Last Stand for the Standing Rock?
This week, the Standing Rock Sioux tribe in North Dakota scored a major victory. After months of protests by tribe members and their supporters trying to block an energy company from building an oil pipeline near its reservation, the U.S. Army announced that it would halt drilling under a section of the Missouri River that runs through the tribe’s reservation. The Standing Rock tribe is opposed to the Dakota Access Pipeline because it says the project may contaminate its water supplies. They also say the pipeline’s route desecrates ancestral lands. Supporters of the pipeline say it would help make the U.S. more energy independent by transporting oil from North Dakota and Montana across the Plains to Illinois and markets around the country. The decision by the U.S. Army Corps of Engineers—the federal agency in charge of public building projects—could lead to a lengthy environmental review and pause construction for months or even years.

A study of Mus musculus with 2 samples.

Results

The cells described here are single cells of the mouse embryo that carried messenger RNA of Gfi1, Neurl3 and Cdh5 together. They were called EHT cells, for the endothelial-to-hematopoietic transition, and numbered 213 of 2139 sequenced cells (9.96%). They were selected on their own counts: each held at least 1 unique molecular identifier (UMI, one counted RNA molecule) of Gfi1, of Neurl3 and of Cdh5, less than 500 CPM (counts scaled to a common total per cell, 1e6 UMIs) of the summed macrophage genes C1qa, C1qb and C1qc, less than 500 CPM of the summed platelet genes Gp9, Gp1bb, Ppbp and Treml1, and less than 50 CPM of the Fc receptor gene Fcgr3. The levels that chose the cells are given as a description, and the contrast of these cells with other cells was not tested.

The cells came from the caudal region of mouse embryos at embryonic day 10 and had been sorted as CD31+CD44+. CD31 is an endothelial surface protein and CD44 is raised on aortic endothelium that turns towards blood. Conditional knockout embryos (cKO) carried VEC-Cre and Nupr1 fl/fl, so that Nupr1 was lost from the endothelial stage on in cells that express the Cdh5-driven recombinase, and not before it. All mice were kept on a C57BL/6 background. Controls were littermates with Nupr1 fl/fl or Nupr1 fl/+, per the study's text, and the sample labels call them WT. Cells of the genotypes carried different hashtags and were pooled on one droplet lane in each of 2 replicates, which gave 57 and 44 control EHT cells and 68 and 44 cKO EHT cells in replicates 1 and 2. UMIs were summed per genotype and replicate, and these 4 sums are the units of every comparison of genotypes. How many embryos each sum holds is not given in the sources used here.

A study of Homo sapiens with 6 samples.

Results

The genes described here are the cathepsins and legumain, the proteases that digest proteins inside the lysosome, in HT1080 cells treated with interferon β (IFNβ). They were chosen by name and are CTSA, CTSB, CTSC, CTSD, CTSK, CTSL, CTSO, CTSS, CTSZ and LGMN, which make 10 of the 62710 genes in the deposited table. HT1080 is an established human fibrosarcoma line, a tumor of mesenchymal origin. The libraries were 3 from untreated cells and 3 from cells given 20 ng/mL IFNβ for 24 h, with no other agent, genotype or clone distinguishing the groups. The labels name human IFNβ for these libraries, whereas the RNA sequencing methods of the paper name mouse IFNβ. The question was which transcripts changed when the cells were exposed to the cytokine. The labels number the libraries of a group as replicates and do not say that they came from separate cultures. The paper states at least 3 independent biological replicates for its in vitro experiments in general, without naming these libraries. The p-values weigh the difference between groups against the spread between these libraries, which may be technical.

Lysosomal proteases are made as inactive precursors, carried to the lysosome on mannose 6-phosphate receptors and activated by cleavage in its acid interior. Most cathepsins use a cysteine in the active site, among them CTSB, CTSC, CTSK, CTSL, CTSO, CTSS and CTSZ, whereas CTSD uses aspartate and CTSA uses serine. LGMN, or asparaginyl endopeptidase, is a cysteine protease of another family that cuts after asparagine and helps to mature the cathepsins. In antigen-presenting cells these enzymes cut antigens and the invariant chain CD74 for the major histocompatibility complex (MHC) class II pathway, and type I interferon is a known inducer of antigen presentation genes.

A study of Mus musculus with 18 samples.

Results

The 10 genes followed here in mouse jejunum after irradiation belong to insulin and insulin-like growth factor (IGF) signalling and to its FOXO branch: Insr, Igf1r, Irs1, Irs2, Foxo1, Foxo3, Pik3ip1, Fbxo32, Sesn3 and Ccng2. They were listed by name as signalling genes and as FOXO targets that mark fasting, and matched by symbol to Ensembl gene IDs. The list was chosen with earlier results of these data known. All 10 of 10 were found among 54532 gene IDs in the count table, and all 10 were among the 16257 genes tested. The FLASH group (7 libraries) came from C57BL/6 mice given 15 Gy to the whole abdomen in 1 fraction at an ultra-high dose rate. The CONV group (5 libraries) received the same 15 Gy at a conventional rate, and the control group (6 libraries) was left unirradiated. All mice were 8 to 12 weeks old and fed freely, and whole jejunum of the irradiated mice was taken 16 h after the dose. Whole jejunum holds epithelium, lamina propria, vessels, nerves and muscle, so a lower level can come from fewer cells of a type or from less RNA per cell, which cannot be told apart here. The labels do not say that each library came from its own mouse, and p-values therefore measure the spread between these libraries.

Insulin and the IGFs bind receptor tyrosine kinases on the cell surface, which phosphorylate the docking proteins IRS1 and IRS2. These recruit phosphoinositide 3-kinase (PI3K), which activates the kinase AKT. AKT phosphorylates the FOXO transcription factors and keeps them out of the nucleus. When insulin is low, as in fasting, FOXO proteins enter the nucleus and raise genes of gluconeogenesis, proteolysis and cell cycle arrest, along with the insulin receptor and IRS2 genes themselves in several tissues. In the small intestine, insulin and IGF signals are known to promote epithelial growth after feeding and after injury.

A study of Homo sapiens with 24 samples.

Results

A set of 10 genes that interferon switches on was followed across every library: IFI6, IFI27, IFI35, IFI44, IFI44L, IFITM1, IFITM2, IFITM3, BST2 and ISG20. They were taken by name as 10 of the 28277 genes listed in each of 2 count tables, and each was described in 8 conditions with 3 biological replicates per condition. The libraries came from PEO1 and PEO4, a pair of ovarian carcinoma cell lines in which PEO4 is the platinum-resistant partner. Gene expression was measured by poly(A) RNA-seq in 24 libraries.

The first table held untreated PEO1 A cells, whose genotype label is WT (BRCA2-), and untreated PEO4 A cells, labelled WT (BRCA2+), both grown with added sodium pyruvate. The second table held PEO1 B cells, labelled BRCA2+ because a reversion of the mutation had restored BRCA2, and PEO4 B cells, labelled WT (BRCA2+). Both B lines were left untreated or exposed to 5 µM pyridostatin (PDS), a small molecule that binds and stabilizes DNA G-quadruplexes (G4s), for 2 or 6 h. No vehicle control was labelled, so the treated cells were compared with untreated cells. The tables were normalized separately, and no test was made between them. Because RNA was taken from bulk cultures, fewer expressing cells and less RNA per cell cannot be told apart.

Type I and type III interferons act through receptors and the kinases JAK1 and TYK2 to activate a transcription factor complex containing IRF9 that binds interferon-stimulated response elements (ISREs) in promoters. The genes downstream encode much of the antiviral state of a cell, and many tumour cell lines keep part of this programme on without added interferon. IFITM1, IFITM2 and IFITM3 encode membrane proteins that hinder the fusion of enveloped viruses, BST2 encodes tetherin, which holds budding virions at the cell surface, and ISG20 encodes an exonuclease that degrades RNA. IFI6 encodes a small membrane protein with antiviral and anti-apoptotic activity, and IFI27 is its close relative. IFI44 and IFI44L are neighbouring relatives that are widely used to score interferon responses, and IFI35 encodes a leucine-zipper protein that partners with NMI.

- What’s happening in the cartoon, and where is the scene taking place?
- Why is a giant rock smashing a vehicle marked “Big Oil”? Why are arrows piercing the vehicle’s tires, and what are those dark puddles spreading on the ground?
- What might the cartoonist be trying to say? How does he use symbolism to make his point?
- Energy Transfer Partners, the corporation behind the pipeline, says the project will lead to greater economic development and that it will increase safety and efficiency for carrying crude oil. Who do you think should mediate the conflict over the construction of the pipeline?
- The protests in North Dakota gained national attention over the past few months. Do you think this influenced the Army’s decision to halt construction of part of the pipeline? Why or why not?